Delirium wrote in part:
-- Does requiring attribution (like old-style BSD) make
non-free? Richard Stallman seems to think so, from what I can gather
I hope that this isn't what Richard Stallman thinks!,
because his own licences (GNU FDL, also GNU GPL and GNU LGPL)
also require attribution. Actually, according to
the problem with the old BSD licence is
"the ``obnoxious BSD advertising clause''",
and even then, RMS says that the licence is (while flawed) still free.
The ``obnoxious BSD advertising clause'' is more than attribution;
it requires attribution on all ''advertising'' for the software,
and ''specifically'' for the software's origin at UC Berkeley.
This is obnoxious because it's more than just a Credits file;
even so, in RMS's opinion, it's still free.
-- Does permitting only verbatim redistribution make
non-free? Many people (including myself) would argue so.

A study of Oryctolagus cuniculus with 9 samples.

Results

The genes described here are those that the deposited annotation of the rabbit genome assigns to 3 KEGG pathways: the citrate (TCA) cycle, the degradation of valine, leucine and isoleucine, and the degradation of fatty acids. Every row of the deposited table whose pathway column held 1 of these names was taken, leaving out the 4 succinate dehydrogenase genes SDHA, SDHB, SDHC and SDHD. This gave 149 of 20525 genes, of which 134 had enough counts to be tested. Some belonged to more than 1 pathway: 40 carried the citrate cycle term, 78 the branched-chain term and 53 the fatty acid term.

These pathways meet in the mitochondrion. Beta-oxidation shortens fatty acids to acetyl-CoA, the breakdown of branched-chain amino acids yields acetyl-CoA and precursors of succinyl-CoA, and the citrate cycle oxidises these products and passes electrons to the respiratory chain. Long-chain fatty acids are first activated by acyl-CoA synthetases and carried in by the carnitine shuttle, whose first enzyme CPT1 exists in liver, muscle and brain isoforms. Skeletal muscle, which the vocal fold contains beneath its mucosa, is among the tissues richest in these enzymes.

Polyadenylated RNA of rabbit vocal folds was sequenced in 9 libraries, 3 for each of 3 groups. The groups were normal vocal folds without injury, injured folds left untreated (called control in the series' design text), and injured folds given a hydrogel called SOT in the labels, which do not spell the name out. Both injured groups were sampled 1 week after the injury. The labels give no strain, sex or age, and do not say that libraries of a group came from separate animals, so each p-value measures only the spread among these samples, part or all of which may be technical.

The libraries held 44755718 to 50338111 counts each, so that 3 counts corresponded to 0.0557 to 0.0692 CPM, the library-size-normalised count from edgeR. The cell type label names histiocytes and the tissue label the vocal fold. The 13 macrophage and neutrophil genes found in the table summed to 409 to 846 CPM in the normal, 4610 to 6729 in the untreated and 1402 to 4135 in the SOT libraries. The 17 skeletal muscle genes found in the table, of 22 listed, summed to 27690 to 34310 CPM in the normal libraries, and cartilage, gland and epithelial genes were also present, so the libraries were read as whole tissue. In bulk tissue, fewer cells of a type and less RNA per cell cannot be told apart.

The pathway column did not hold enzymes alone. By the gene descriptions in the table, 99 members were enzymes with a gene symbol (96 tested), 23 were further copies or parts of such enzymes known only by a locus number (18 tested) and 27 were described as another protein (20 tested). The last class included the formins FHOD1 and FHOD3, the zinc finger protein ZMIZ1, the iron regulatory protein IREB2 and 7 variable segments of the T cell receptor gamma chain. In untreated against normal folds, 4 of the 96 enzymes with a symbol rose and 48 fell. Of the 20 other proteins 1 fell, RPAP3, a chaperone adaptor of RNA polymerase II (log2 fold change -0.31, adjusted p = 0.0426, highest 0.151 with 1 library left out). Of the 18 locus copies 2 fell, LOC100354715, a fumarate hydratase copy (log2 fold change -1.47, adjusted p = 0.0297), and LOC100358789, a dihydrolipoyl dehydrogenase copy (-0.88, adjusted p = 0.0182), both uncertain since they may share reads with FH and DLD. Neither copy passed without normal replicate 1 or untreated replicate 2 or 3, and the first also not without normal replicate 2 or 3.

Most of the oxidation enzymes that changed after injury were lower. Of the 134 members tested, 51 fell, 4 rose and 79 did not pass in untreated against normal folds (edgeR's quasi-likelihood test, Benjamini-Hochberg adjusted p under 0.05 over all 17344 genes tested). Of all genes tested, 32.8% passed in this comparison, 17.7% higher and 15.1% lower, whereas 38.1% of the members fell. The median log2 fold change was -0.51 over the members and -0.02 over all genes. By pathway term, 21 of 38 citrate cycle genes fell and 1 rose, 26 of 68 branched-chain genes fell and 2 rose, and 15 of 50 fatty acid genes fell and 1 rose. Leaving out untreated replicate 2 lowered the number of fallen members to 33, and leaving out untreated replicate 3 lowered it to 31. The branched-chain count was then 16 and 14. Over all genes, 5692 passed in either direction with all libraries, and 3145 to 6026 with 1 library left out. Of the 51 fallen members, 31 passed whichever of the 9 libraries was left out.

I would argue so too, and I believe that even Stallman would agree.
RMS often permits only verbatim redistribution of his essays,
but I don't believe that he would characterise those essays as free.
He doesn't want them to be free, since they're ''his'' opinion --
in contrast both to free software and to free documents like Wikipedia,
which belong to the world.
Neither RMS, nor Debian, nor the Open Source Initiative,
give clear definitions of "freedom" except for programming code,
and it's not clear that the same rules should apply to everything else.
But all of them that require free software must be modifiable.